By Eric Misterovich

Unfortunately, since users of the Internet believe they are anonymous, defamation is rampant on the Internet. Defamation on the Internet typically consists of a false and defamatory statement published to a third party on the Internet.  Defamation consists of two separate common law claims rolled into one concept: defamation that is oral is considered slander, while defamation that is written is considered libel. Since the Internet is a written medium, defamation on the Internet falls under the libel category.


Typically, the elements of an Internet defamation claim include:

  1. A false and defamatory statement;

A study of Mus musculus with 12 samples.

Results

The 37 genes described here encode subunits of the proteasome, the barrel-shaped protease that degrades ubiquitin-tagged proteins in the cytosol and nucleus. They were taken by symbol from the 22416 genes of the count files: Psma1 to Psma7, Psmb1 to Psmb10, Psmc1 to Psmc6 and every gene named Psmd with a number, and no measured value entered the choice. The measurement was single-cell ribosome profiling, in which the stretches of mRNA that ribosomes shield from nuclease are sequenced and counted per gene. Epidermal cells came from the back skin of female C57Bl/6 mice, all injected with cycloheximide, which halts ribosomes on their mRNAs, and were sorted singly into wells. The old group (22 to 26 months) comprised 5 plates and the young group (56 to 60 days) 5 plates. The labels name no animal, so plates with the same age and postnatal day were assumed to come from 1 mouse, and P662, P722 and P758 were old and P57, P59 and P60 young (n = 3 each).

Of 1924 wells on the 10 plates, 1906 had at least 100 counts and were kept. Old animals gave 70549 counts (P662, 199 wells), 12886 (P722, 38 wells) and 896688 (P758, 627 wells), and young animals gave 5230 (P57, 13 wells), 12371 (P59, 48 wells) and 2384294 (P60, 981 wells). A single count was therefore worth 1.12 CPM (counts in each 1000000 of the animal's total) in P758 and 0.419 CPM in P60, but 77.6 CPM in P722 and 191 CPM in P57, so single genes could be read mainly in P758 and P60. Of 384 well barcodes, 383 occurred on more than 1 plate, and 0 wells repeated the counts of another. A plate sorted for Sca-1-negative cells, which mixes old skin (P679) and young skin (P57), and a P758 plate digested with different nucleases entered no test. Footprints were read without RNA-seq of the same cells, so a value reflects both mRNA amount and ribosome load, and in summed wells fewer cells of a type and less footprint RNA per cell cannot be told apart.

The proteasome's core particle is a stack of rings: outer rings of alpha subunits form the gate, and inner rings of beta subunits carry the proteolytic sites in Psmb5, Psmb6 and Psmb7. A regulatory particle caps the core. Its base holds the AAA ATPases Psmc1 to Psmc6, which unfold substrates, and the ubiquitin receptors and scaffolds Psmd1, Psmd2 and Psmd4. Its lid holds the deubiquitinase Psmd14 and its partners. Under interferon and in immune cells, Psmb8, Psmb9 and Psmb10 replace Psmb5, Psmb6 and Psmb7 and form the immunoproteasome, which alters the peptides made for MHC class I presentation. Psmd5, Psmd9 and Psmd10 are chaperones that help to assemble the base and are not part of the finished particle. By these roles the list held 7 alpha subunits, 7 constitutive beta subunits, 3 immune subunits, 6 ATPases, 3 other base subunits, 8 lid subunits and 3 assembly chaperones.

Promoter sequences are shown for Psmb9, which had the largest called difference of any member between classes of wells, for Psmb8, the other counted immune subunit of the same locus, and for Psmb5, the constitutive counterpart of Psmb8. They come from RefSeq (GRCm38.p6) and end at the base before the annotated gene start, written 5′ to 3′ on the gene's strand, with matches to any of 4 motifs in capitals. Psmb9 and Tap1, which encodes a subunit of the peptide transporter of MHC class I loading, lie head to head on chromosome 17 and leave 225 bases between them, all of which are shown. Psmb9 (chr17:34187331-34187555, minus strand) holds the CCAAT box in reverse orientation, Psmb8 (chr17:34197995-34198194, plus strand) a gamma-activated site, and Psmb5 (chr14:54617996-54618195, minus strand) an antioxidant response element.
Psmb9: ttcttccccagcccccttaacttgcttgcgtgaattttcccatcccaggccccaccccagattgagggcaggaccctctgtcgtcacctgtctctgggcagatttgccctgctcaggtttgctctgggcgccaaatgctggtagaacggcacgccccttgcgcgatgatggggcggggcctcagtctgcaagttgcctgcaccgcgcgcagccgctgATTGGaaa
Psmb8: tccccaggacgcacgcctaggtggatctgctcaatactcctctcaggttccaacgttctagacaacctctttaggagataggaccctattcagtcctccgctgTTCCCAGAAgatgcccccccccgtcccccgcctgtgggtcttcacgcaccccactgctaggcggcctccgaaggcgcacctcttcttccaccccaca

2. The unprivileged publication of the statement to a third party (someone other than the person defamed by the statement);
  3. Fault amounting to at least negligence or, in the case of public figures, actual malice; and
  4. Damage to the plaintiff.

Defamation on the Internet is also covered by Section 230 of the Communications Decency Act, which states that a provider of an interactive computer service cannot be held liable for the republication of defamatory statements. This means that a service provider that does not create content, but merely transmits content, cannot be held liable for defamation or other related torts.

This complicates things for victims of defamation on the Internet. Revision Legal’s attorneys are experts at handling Internet defamation matters. If you need more information on defamation and the Internet, or if you need an Internet defamation expert to handle your case, contact Revision Legal today at¬†855-473-8474.